Apple Praises More Positive New Jobs Biography; Free Excerpt in iBooks Store

A new biography of Apple founder Steve Jobs will go on sale Tuesday, March 24, and those who were closest to him are saying it's a much more accurate and nuanced picture of the man than the official biography by Walter Isaacson. 

Titled Becoming Steve Jobs: The Evolution of a Reckless Upstart into a Visionary Leader, the book is coauthored by Brent Schlender, a journalist who knew Jobs over a 25-year period and who had interviewed him a number of times. More than the Isaacson biography, this one reportedly presents a fuller picture and shows how Jobs matured over the years. By the time he returned to Apple in 1997 he was a warmer, more sympathetic person. He could still be a jerk at times, but was also known for being warm and compassionate. And while still very opinionated, he was more open to changing his views, such as when he decided to go ahead with an App Store for the iPhone after first insisting the platform be kept closed to developers.

An article in the New York Times quotes those who knew Jobs well saying that the Isaacson book missed the mark and that this one is more accurate. Apple CEO Tim Cook is quoted in the new book as saying the Isaacson book did a "tremendous disservice" to Jobs. “It didn’t capture the person. The person I read about there is somebody I would never have wanted to work with over all this time.” Legendary Apple designer Jony Ive also felt Isaacson's book was lacking. And Apple exec Eddie Cue said that the new biography is the "first to get it right."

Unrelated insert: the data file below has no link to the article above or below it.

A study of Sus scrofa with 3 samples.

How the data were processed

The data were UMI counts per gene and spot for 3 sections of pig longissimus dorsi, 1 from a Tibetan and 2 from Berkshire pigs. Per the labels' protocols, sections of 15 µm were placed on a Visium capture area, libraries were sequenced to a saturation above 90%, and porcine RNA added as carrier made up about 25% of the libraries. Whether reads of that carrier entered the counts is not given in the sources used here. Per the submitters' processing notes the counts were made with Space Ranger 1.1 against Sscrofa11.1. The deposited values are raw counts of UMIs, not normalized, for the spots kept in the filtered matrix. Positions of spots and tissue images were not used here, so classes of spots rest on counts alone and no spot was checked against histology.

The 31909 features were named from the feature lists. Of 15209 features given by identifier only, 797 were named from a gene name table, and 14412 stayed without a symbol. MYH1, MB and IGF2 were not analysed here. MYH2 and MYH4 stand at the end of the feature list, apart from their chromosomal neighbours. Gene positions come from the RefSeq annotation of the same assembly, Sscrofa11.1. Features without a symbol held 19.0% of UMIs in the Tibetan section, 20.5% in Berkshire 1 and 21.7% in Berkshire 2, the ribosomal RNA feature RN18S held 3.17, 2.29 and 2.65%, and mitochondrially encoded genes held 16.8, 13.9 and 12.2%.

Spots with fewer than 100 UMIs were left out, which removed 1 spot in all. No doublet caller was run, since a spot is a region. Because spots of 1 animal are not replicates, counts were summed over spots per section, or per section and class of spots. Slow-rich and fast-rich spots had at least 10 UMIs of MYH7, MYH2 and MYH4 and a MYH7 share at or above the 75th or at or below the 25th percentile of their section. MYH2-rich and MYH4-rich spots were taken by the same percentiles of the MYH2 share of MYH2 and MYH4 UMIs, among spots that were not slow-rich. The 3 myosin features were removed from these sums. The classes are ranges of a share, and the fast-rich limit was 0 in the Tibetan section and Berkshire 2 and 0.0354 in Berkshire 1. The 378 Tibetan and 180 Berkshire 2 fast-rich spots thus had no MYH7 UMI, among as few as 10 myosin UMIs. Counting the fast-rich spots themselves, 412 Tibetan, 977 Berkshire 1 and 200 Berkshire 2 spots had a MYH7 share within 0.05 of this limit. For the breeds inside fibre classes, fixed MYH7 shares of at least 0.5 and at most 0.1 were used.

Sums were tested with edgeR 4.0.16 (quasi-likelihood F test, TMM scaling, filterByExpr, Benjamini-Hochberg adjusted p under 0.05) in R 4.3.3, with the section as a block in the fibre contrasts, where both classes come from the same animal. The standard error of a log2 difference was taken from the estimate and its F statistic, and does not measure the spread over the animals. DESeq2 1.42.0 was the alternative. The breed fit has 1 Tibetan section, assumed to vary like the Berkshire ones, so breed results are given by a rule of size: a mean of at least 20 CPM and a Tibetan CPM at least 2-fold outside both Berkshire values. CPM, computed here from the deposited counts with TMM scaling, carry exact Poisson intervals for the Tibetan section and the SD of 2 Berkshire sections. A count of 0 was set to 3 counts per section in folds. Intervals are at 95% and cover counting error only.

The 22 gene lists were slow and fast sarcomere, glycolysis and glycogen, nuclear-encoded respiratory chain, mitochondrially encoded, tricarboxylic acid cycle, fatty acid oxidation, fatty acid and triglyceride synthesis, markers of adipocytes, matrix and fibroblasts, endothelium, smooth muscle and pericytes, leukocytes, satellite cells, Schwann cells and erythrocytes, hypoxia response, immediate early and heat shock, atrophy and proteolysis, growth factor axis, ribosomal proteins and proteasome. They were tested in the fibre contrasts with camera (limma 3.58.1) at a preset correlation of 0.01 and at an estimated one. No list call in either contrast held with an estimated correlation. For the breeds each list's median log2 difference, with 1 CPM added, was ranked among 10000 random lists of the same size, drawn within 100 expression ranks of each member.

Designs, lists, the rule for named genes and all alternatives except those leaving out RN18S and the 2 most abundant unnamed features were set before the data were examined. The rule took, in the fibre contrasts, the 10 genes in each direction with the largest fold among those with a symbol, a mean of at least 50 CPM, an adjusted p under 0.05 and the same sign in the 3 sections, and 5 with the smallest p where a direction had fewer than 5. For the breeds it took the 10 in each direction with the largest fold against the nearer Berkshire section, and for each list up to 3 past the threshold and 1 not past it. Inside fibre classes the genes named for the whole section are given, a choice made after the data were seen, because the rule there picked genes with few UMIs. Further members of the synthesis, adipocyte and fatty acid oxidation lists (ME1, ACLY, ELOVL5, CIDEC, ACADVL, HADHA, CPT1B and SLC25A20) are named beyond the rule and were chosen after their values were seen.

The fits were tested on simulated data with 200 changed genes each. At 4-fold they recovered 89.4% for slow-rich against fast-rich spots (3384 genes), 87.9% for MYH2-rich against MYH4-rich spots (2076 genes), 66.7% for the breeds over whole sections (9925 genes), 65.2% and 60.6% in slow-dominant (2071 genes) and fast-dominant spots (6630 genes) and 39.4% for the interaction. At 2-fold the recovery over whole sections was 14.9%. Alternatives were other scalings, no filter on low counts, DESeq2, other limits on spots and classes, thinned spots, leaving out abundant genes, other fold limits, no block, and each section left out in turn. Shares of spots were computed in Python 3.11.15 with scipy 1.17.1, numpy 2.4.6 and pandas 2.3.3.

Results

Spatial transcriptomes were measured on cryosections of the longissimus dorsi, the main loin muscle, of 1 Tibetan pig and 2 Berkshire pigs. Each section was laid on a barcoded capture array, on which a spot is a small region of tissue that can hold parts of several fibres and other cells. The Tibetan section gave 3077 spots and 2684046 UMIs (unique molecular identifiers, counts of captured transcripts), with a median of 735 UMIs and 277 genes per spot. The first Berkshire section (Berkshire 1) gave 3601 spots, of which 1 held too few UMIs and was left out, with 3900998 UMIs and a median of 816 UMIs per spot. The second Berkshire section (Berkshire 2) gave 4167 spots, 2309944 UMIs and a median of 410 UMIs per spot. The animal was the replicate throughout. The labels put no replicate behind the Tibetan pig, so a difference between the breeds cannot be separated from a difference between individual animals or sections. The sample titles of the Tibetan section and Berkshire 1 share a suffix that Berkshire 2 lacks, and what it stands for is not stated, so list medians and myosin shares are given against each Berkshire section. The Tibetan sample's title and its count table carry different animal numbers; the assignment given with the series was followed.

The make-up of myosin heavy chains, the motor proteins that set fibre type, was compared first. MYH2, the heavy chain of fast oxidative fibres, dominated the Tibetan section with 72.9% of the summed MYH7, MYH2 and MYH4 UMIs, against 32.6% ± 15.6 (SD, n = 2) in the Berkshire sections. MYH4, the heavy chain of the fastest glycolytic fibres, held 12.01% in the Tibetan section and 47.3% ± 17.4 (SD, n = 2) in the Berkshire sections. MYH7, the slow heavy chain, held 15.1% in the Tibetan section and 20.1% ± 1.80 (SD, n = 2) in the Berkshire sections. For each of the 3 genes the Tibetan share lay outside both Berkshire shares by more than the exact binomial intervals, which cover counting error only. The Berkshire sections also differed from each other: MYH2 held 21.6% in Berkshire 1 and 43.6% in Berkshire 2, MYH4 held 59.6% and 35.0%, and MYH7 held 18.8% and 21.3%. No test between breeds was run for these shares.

According to the NYT, Becoming Steve Jobs portrays Jobs as "a caring mentor, as well as a delegator and skillful manager who brought the best out of his team." It also has a number of revelations. At one point Tim Cook offered Jobs, who was suffering from liver cancer, a part of his own liver for a liver transplant when he found out they both had the same blood type. But Jobs immediately nixed the idea.

Another revelation is that when Jobs returned to Apple in 1997, he met with Jony Ive with the intention of firing him. Ive had been hired during the period after Jobs had been forced out by the Apple board of directors. Apple was struggling to survive, and Jobs hadn't been impressed with their product designs. He was intending to continue to use the designer that had been with him at Next, the company he founded while away from Apple. But the meeting went well. Jobs liked Ive right away and felt that Apple had been wasting his talent. Of course, Ive is now credited with being a key to Apple's extraordinary success.

Not only are Apple executives publicly endorsing the new book, four top execs were interviewed for the book itself, something that they didn't do for the Isaacson bio.

Fast Company has posted an excerpt from the new book, and you can also download a free sample from the iBooks Store.


Jim Karpen

Jim Karpen holds a Ph.D. in literature and writing, and has a love of gizmos. His doctoral dissertation focused on the revolutionary consequences of digital technologies and anticipated some of the developments taking place in the industry today. Jim has been writing about the Internet and technology since 1994 and has been using Apple's visionary products for decades.